TPG reached a settlement with the Securities and Exchange Commission over charges that it accelerated monitoring payments without proper disclosure to limited partners, according to a settlement order published on the SEC website Thursday.
The settlement calls for the private equity manager to pay $13 million, including a $3 million penalty and $9.8 million in disgorgement and interest to limited partners in three TPG funds at the time the accelerated monitoring fees were collected between 2013 and 2015. The settlement relates to four portfolio companies in TPG Partners V, TPG Partners VI, and TPG Biotech Partners III.
TPG neither admitted nor denied the charges. TPG spokesman said in a statement that the matter "relates to the absence of express disclosure in marketing documents, eight or more years ago, about the possible acceleration of monitoring fees, a then-common industry practice ... As we move forward, in conjunction with this resolution, we remain dedicated to continually enhancing our practices on behalf of our fund investors and portfolio companies."
The SEC order said the inadequate disclosures of the monitoring fees were a breach of fiduciary duty by TPG from at least April 2013 through April 2015. When TPG had a private sale or an initial public offering of a portfolio company, it terminated some portfolio company monitoring agreements and accelerated the payment of future monitoring fees. TPG disclosed the possibility of monitoring fees and the amount of the accelerated fees, but failed to disclose to the funds and their limited partners before they committed capital that it may accelerate future monitoring fees upon termination of the monitoring agreements.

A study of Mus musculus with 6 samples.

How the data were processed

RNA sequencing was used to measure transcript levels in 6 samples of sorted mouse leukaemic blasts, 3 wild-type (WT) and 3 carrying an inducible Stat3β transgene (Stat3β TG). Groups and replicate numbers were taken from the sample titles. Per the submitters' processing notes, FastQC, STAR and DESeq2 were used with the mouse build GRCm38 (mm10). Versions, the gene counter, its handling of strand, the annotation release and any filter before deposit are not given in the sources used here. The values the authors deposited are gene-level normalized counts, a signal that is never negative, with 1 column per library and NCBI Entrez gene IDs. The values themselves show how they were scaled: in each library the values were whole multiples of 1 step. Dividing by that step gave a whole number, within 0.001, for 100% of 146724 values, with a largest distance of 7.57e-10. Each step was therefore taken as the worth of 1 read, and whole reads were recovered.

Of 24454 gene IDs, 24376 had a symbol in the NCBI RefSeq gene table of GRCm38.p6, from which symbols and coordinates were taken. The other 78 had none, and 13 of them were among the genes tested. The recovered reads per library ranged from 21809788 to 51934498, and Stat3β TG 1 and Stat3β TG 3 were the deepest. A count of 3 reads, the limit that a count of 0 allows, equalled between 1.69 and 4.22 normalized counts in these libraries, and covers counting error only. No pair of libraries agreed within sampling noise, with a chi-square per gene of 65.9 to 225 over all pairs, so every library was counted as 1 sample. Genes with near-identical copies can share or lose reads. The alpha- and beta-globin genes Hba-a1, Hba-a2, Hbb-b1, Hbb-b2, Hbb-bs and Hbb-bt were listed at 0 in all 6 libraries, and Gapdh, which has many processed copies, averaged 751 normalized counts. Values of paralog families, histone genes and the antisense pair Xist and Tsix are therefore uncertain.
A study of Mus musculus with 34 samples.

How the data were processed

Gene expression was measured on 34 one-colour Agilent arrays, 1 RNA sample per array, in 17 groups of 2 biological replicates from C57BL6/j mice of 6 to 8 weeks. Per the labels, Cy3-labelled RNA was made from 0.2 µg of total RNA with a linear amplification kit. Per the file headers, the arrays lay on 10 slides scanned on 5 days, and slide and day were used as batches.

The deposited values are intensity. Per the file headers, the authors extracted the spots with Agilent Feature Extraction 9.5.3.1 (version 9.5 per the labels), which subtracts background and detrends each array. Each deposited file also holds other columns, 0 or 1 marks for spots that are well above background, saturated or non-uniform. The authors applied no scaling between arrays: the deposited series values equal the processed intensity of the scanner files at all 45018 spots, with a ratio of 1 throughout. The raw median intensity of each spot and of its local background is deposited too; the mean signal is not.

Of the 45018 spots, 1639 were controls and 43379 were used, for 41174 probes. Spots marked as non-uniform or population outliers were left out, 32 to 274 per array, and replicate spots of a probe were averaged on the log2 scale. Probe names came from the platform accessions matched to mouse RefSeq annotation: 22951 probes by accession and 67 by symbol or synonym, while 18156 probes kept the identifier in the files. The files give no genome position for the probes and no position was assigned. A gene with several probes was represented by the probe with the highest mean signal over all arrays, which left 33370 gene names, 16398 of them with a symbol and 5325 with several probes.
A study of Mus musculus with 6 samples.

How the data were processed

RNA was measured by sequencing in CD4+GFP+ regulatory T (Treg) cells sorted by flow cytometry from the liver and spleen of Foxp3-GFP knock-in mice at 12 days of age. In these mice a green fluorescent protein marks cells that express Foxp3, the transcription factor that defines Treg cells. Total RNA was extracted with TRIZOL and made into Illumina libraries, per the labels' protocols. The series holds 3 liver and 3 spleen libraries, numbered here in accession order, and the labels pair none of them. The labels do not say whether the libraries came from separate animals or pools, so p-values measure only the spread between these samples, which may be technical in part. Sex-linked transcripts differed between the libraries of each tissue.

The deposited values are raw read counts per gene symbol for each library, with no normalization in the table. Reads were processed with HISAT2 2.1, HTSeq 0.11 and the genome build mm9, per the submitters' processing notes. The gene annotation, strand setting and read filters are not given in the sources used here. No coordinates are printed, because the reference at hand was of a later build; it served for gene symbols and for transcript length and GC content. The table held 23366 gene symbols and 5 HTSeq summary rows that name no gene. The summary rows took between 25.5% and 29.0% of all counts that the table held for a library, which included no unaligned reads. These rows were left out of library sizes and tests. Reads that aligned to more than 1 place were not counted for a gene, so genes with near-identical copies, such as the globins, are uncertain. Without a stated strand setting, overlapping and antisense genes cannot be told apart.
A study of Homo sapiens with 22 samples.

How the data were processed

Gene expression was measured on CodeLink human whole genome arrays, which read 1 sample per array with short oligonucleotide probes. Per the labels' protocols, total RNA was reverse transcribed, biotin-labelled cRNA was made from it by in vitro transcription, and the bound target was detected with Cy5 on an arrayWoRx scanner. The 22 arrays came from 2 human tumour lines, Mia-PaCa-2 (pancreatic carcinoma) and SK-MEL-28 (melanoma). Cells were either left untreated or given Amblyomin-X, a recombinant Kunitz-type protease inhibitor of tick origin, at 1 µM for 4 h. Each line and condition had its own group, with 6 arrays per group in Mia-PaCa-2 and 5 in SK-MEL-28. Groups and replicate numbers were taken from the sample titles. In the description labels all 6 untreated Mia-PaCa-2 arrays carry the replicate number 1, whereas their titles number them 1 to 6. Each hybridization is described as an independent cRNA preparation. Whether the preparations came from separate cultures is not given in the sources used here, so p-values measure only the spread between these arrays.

Receiving those monitoring fees from four portfolio companies was a conflict of interest for TPG because consenting to the practice on behalf of the funds it advised was a breach its fiduciary duty, the SEC said. TPG disclosed its ability to collect monitoring fees to the funds and to their limited partners before capital was committed, but did not disclose receipt of accelerated monitoring fees until after the commitments, and the limited partner committees did not object. "Because of its conflict of interest as the recipient of the accelerated monitoring fees, TPG could not effectively consent to the practice on behalf of the funds," the SEC order said.
The case involves four instances involving the accelerated monitoring fee issue. In one instance, TPG terminated the monitoring agreement and accelerated monitoring fee payments even though the relevant TPG fund was exiting the portfolio company and TPG would no longer be providing monitoring services. The other three instances involved TPG terminating a monitoring agreement upon partial sale or IPO while maintaining some ownership stake in the companies and continuing to provide advisory services while the funds exited. The SEC said the exact timing is unknown because the TPG funds still have an interest.
TPG's private equity platform had $52 billion in regulatory assets under management as of Jan. 1, 2017, the order said.